By Heidi Nelson
Once upon a time, quirky traveling troupes with acrobats, animals and sideshows roamed the American landscape, lighting up towns and cities for brief appearances and then moving on. Then came their sleeker, more polished descendents—acrobatics shows with theatrical plots and stunning special effects. Today you can not only attend almost any kind of circus you like, you can also find the circus almost anywhere you look!
First up is fashion. From steampunk style to haute couture, circus has put its stamp on much of what we wear. As one steampunk blogger explains, “The steampunk world is one composed of inventors, tinkerers, fringe academics and ideologues. The circus, carnivale, vaudeville and cabaret are populated by re-invented people.” If you’re looking for some freshness to your style, why not take cues from those who design and make costumes for the ring? Besides funky, off-beat fashion, circus invades the mainstream as well. The hit TV show Project Runway featured a circus-inspired challenge last year, as did America’s Next Top Model in 2006.
Know any circus-themed songs? There are plenty. The Seekers’ “The Carnival is Over” (more recently re-recorded by Nick Cave & The Bad Seeds) is a popular folk ballad, and The Decembrists wrote a tune called “My Mother Was a Chinese Trapeze Artist” in 2003. You might not even recognize all the circus-related music you hear on a regular basis. Though you likely listened to the strains of John Philip Sousa’s “Stars and Stripes Forever” on the 4th of July, the tune has a different meaning when played at the circus. To circus performers and staffers, the march is code for an emergency situation—an easy signal to the staff to evacuate the theatre without causing a panic.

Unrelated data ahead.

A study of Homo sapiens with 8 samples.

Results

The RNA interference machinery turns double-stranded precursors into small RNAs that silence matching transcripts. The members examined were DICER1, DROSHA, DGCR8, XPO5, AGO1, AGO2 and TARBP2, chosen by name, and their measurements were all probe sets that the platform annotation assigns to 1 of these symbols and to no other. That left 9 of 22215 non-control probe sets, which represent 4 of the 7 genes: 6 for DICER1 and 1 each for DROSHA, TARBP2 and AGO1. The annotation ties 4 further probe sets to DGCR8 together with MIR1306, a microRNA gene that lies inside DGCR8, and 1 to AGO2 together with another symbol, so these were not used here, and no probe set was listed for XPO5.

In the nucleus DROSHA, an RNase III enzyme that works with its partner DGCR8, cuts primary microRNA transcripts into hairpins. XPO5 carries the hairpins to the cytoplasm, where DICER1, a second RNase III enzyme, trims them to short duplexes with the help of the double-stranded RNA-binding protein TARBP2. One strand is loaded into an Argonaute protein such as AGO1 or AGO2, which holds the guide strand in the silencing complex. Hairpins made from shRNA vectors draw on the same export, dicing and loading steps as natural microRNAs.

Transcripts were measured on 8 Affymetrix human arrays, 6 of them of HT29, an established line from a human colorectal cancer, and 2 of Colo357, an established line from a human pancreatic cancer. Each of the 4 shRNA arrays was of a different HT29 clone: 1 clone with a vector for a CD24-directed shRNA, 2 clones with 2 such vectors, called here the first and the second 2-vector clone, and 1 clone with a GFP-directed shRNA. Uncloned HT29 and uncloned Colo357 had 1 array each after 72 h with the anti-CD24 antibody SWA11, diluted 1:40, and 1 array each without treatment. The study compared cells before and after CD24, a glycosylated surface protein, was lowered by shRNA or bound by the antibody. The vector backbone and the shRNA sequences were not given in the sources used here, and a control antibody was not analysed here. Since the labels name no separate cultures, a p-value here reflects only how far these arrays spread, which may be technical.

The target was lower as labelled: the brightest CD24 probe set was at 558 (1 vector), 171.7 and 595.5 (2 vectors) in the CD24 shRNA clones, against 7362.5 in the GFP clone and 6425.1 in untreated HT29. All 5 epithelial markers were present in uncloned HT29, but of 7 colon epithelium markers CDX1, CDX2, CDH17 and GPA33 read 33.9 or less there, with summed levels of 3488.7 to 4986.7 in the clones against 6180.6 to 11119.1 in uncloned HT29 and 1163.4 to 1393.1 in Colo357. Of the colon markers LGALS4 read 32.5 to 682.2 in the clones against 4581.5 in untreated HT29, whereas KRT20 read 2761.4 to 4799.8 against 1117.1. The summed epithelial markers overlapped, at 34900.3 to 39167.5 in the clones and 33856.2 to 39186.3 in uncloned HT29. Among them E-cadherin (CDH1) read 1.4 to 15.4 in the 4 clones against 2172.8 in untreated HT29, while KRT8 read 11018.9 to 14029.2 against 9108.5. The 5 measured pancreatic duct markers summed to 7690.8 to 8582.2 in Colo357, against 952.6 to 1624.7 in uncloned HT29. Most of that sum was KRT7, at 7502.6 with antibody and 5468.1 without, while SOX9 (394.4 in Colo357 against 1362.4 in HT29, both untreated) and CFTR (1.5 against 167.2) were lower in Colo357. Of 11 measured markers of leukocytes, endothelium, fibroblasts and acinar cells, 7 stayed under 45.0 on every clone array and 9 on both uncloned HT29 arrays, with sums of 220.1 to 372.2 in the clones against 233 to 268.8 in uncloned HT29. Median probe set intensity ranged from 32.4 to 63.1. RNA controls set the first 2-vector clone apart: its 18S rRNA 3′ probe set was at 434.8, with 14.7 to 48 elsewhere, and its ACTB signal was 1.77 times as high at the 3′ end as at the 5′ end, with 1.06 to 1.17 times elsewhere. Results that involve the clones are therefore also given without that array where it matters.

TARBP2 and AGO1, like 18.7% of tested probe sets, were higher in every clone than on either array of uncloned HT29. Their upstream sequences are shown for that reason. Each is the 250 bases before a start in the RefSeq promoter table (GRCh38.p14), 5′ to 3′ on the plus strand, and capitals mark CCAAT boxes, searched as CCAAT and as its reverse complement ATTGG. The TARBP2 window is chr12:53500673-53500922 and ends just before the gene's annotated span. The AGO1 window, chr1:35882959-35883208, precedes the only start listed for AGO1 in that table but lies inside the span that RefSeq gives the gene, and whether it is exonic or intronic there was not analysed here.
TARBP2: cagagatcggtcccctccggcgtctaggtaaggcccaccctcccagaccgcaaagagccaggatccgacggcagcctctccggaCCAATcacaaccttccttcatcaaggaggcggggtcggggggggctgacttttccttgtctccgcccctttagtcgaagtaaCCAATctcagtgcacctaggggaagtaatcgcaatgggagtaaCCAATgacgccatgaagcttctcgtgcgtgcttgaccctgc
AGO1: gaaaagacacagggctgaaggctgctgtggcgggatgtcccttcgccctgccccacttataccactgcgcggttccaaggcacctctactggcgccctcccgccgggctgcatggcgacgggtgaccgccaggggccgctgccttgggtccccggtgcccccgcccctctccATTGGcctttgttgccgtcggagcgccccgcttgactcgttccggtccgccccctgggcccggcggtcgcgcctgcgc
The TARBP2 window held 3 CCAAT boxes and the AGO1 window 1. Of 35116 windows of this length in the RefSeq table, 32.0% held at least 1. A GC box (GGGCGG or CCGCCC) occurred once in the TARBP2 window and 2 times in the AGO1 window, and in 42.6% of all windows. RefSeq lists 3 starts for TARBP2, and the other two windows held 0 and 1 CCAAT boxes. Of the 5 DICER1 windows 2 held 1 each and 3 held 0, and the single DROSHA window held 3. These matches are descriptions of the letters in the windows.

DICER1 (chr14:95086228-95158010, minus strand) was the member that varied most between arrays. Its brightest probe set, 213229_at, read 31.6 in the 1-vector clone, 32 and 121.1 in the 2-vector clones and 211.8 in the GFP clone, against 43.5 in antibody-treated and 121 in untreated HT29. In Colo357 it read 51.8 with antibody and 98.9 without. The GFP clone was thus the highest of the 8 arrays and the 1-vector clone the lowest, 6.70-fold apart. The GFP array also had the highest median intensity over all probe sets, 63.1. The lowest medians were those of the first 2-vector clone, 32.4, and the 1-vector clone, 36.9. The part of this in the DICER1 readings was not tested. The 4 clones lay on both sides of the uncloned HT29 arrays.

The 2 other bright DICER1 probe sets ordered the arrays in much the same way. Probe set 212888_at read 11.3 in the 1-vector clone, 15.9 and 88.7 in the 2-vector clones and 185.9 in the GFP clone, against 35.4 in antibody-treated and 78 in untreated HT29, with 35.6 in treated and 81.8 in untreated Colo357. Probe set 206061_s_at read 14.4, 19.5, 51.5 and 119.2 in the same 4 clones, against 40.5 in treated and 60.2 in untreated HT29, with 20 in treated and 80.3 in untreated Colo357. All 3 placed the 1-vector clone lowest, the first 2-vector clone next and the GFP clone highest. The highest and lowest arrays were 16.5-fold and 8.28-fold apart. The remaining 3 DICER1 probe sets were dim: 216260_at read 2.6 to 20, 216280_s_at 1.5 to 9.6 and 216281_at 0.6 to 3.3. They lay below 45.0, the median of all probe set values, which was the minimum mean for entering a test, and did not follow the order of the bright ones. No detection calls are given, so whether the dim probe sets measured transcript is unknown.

Artwork is another place you can get your circus fix. Vintage circus posters can really add some character to your décor, while fans of fine art will find clowns and acrobats in the work of Jack B. Yeats, Marc Chagall, George Seurat and many more. European painters from the first half of the 20th century frequently painted circus scenes, playing with bright colors, experimenting with perspective, and heightening the dreamlike qualities of the circus ring.
Still not enough circus for you? If you’re tempted to run away and join the circus, there are any number of circus and acrobatics training programs right here in Boston. Our friends at Simply Circus can show you a few tricks at their circus workshop on the 16th. Last time, they taught our Technical Supervisor how to walk on stilts!